Janet Yellen is saying the X-date when the U.S. government runs out of money has been moved up to June 1st. Normally, I wouldn't listen to the Treasury, because it lacks so much credibility. But, checking around town, the CBO also believes that government cash could run out in June, rather than July or August -- so there's a little more credibility there.
Also, the Peterson Institute is talking June, and so is the Brookings Tax Policy Center. So, the so-called 'X-date' -- that's the 'run out of money' day -- could come in June. But, of course, this is very imprecise and no one really knows.
By the way, House Speaker Kevin McCarthy and the Republican conference, which has the only debt ceiling increase plan in Washington, coupled with budget reform, got their product out in April. It's just that Joe Biden won't deal with it. And there is no other debt ceiling increase plan in Washington D.C. No other plan.
Even Republican Senate leader Mitch McConnell is telling Biden to start negotiating with Speaker McCarthy.
One reason the government's running out of cash faster than people thought is because of the slumping economy. In fact, the Biden economy in the last five quarters has produced 0.9% growth. In other words, less than 1% over five quarters, or 15 months, with a 6.4% inflation rate. That is a prolonged slump with harmful inflation.
That is why Biden's polls are so bad. That's why Wall Street Journal columnist Gerard Baker is writing that Trump could win, if people vote their pocketbooks. And, indeed, Trump is talking about the economy at every whistle-stop.
Meanwhile, GDP doesn't really matter to typical working families. But what matters is the soaring price of groceries and gas and the fact that inflation is running faster than their wages. That's the key pocketbook issue.
Because of this prolonged economic slump, year-to-date tax revenues are running $74 billion below last year, with individual tax receipts $95 billion below last year. Meanwhile, federal spending -- get this -- is running $359 billion above last year. That's $359 billion! That is why the budget deficit for the first half of the year is running about $433 billion above a year ago.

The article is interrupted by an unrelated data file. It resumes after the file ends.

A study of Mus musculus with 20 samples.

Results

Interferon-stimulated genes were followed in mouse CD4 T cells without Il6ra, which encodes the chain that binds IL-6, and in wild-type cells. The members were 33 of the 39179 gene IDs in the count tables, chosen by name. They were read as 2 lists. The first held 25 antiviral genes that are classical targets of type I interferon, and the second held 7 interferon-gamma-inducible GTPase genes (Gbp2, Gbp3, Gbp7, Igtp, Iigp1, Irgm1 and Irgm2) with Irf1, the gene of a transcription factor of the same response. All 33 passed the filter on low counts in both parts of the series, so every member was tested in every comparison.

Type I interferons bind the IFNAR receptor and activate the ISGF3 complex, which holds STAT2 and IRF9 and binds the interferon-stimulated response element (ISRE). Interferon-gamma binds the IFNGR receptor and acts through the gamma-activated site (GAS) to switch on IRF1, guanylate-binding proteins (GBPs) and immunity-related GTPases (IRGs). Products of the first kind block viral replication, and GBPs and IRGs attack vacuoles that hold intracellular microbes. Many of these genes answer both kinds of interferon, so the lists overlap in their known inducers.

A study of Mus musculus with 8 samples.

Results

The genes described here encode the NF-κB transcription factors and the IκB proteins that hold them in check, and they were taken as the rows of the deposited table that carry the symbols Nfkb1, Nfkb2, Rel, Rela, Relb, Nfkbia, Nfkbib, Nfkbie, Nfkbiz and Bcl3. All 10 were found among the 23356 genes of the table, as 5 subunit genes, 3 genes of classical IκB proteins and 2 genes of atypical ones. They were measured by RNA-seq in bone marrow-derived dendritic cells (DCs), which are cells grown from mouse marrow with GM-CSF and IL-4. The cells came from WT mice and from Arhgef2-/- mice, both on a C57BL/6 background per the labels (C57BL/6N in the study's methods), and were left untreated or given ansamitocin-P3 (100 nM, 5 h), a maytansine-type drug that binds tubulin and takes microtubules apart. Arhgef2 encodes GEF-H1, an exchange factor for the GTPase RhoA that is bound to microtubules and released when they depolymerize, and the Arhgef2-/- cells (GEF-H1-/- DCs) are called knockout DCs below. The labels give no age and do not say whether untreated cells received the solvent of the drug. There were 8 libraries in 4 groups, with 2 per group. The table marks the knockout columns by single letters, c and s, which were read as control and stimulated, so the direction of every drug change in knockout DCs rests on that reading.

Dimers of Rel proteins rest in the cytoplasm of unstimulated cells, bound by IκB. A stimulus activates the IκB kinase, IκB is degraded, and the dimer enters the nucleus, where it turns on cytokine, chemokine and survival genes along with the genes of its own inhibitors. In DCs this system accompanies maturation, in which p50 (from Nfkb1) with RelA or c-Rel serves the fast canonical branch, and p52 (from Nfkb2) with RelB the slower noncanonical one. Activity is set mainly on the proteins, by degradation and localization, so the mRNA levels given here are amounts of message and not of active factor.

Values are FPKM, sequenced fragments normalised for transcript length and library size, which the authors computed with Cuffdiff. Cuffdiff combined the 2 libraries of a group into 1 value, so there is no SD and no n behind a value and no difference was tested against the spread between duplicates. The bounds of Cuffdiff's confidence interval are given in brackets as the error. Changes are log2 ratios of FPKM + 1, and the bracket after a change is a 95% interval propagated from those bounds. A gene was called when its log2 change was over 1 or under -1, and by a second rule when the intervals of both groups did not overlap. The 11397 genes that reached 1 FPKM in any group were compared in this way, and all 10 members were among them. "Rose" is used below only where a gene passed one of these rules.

The budget deficit a year ago for fiscal FY '22 was $1.4 trillion. That's the deficit. At this rate, we could be running for FY '23 a deficit of somewhere between $1.7 trillion and $2 trillion. These numbers were compiled by Joe Lavorgna, formerly chief economist of the White House National Economic Council. Mr. Biden says he's cutting the deficit, but he's getting a lifetime 10 "Pinocchios" for that untruth.
I know all these numbers are boring, but I hope they paint a picture and tell a story that an inflation-prone, stagnant economy bankrupts the country. That's where the damaging debt comes from. Say it again: inflation-prone, stagnant economy and continued overspending. Now, to get even more boring – I’ve got tell you how exciting this is for me personally -- there's only so much the Treasury can borrow from the civil service retirement, the postal service retirement, the federal financing bank, the exchange stabilization fund, and the thrift savings plan. Actually, borrowing from these retirement plans is itself a pretty terrible idea, but that's what happens when you have a malfunctioning economy with continued overspending and high inflation.
This story will only get worse if Joe Biden continues to avoid talking turkey with Speaker Kevin McCarthy, who has the best plan in town to save America's finances. In fact, again, he has the only plan in town. Quit stalling, President Biden, and get down to work. Save America. Pass McCarthy's LImit, Save, Grow Act. And quit bankrupting America.
This article is adapted from Larry Kudlow’s opening commentary on the May 2, 2023, edition of "Kudlow."